If my employer didn't show up for the unemployment appeal hearing will I win?
Hi there, I just had my appeal hearing today and my employer didn't show up. But they wrote a letter. Do I automatically win because the judge still asked me questions. Also, I didn't ask any questions I just answered the judges questions with honest answers is that good?
I always advise being honest. But I also explain why we need to temper the desirable quality that goes to establishing credible sounding testimony .. without volunteering more information, than we are asked for.
No, an employer not appearing for an appeal hearing, doesn't equate to a claimant automatically winning a hearing.
But the advantage of the employer not showing up, is any letter, that serves as their written statement in lieu of giving testimony, shouldn't procedurally be given more weight, if it contradicts your own testimony.
The reason for this is a written statement cannot be cross-examined by a you, or the hearing officer.
It's why appearing for hearings instead of losing by default via a non-appearance is important.
Yet, I need to mention, my experience coordinating hearings for employers, is the very thing that makes me nervous for claimants who do win hearings because the employer didn't show up.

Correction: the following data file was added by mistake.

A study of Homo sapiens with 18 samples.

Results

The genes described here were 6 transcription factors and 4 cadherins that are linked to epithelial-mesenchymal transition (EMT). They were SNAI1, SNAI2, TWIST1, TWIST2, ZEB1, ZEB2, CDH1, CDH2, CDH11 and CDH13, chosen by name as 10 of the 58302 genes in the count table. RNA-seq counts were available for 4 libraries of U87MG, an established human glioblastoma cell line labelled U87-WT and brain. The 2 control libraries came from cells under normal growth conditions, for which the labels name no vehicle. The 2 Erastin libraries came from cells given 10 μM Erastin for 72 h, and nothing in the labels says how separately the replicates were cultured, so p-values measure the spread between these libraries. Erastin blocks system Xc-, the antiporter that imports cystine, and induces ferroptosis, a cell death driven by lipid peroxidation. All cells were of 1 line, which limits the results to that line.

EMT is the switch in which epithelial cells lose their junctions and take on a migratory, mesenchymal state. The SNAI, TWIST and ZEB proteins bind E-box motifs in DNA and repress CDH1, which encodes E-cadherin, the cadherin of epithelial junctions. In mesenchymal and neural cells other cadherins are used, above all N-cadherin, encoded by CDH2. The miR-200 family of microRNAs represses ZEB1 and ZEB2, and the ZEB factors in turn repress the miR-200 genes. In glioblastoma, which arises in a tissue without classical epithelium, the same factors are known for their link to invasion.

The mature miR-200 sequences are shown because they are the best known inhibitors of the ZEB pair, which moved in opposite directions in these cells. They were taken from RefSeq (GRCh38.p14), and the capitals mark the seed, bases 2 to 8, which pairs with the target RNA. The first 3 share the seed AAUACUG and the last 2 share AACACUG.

Before a hearing, I used to request postponements for employer witnesses .. for all sorts of reasons and the point of that exercise was if the request was denied .. I now had a well framed postponement request, just in case the claimant won, as supporting evidence for a board appeal requesting the tribunal appeal hearing be reopened, so the employer witness could finally provide first hand testimony .. to whatever the issue and burden might of been.
The disadvantage to this as a tactic to preserve a party's right to get due process is, the additional issue of whether there was good cause for the non-appearance, is usually the first issue to be addressed at any new, or additional tribunal hearing .. just so the hearing officer knows whether they should proceed on to the original issue, which were most often, in my experience .. good cause for the separation, whether that was a voluntary quit, or discharge for misconduct.